Rep. David Bowen is a state representative representing people in parts of Milwaukee and Shorewood, and Darrin Madison is a young community leader who hopes to maybe one day run for office. David is Darrin’s mentor, and they are both passionate about improving the quality of life and opportunities for young people in Milwaukee and have a track record to show how they have already done so.

Sean: What role do, can and should elected officials play in creating positive social change?

David Bowen: I think so many times we get caught up in the hot button issue of the day without really getting the chance to listen to our communities, to listen to young people, and to really hear the things that they are looking to change and for us to focus on. We should be building partnerships so that we can actually work proactively on those things together instead of waiting for those things to happen

Darrin Madison: I think a lot of the times we separate our elected officials from our community, when in reality they represent our community, and there needs to be a sense of symbiosis in that relationship. Our elected officials are our voice in session, and we have to amplify that voice… We need to organize in numbers collectively so we can put the pressure on some of the elected officials who aren’t in our district, who don’t represent our interests.

S: Do you consider yourselves activists?

DM: I do, from the very foundation of my being. From the age of 14 being a part of Urban Underground and learning from David, my peers and Sharlen Moore about activism and systems of oppression and how so many things in society are built against my people, I couldn’t just sit on the sideline. Everyone has to get involved.


S: How do you or how will you contribute to helping solve problems that are still prevalent today?

DM: I have a special interest in the environment and in environmental policies, so the work that I want to do in the future is bridging the gap between urban and rural areas, and using the environment as a platform. I also want to preserve the resources that we have in our state, like the Great Lakes, as an economic interest for our city, for our state, for our people. That’s what I want to dedicate my life to. That’s why I work at the Urban Ecology Center, so I can learn from scientists, so I can learn from different people who work in these careers that relates to this topic, so I can use that knowledge to create the right plan, so that I can get that work done.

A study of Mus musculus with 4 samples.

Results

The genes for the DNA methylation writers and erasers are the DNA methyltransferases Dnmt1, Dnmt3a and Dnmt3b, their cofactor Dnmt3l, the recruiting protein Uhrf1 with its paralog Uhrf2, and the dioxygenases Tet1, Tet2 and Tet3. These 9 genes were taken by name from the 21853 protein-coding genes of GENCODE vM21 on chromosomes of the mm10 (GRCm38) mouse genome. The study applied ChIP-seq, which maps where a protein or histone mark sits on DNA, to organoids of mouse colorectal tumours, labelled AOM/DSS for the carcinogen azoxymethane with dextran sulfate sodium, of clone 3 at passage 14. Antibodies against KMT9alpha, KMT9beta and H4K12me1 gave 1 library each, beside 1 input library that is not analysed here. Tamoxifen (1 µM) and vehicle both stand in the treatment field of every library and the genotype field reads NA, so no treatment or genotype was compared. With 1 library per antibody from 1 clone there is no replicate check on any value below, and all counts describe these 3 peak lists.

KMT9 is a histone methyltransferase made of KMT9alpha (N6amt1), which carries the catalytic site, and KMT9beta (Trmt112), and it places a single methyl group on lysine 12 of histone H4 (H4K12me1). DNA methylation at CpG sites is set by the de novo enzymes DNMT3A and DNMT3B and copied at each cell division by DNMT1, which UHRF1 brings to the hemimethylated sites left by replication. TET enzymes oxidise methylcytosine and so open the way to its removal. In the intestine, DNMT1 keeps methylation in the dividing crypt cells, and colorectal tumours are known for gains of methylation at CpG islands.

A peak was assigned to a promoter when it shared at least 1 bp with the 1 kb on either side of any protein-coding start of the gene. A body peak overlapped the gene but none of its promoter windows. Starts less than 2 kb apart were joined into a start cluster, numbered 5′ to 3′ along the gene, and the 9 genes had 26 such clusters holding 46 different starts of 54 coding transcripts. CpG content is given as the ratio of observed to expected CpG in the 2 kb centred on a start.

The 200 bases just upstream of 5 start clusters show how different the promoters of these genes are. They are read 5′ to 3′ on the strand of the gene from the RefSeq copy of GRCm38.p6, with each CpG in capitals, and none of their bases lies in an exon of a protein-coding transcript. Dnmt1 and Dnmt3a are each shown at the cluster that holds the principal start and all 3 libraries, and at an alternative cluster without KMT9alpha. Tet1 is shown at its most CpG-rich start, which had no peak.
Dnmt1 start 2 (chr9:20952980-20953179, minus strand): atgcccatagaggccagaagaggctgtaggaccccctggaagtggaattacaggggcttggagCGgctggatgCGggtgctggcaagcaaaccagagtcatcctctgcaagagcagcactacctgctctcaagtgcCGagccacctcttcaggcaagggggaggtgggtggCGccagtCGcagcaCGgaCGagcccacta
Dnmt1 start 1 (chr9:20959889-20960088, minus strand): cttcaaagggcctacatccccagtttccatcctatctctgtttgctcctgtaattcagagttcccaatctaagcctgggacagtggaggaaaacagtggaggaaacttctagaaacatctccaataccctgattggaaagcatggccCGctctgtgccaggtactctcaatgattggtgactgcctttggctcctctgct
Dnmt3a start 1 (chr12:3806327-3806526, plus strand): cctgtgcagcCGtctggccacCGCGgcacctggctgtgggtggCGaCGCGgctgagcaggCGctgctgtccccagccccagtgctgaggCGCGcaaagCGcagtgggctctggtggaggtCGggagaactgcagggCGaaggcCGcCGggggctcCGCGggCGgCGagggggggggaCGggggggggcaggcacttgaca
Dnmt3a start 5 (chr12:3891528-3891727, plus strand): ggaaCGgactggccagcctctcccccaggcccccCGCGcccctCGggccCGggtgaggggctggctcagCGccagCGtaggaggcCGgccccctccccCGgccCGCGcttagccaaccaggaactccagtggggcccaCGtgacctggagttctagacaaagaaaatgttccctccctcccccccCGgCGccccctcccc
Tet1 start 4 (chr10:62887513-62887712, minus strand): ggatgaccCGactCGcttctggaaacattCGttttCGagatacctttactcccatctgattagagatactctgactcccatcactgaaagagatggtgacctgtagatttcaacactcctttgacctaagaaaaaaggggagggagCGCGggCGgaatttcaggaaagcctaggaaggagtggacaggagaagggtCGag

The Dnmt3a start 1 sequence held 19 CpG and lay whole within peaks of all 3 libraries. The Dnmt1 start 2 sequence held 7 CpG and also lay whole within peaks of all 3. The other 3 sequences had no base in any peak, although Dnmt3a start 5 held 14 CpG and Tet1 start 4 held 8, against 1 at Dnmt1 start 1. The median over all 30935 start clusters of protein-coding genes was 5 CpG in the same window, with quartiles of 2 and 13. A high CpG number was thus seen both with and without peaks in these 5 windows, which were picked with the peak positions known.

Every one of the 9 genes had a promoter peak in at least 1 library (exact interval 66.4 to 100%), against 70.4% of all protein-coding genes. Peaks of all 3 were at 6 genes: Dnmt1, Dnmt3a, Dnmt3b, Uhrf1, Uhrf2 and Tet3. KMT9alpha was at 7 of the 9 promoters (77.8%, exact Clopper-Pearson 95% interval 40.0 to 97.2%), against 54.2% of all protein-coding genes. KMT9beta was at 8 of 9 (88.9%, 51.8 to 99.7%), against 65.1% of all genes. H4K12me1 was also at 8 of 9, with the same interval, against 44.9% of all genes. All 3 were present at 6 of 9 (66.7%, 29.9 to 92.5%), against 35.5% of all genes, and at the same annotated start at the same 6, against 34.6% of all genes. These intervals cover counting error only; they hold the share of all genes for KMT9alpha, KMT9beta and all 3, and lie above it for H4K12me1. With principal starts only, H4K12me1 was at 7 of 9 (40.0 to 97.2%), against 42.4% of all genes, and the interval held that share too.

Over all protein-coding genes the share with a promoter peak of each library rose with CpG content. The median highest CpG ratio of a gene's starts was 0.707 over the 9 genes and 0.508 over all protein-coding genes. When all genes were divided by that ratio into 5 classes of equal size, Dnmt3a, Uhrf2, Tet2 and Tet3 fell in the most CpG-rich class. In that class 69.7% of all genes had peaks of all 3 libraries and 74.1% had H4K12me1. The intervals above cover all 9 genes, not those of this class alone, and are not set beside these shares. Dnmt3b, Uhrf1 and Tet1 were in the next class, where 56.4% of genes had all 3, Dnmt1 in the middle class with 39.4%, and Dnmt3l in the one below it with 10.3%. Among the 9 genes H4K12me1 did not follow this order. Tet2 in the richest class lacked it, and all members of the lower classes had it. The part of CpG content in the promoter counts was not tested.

DB: I’ve strived and tried as much as possible to focus on the grassroots connection that I have with people in the community and in my district, and as much as possible, making sure that [community] is the primary source of where we get the instructions for what we should be focusing on. The only way that you’re really able to truly solve problems that affect people is by listening to them.

S: What do you think the young people could or should do to get involved in activism?

DM: Take time, take time to acknowledge and remember the strategies that were implemented [in movements] years ago. Remember those struggles from 50 years ago are still here today. Though we’re living a little bit more comfortably, we’re still not as comfortable as we need to be. Be out there. There are so many things going on in [Milwaukee]. There are so many facets to get involved in. A lot of young people think they can’t get involved in politics, but thanks to David, I got involved when I was 14. Get involved early because you have a lot more energy and will than some older people to get the work done.

DB: Use your platform. Everyone has a platform. We all know people, have friends and family, play some role in the community. It’s up to us to use that platform for good. What you talk about and what you share should include what you care about. It’s important that we get informed about what’s going on and share with those who may not be informed. Unite to fight for change you want to see.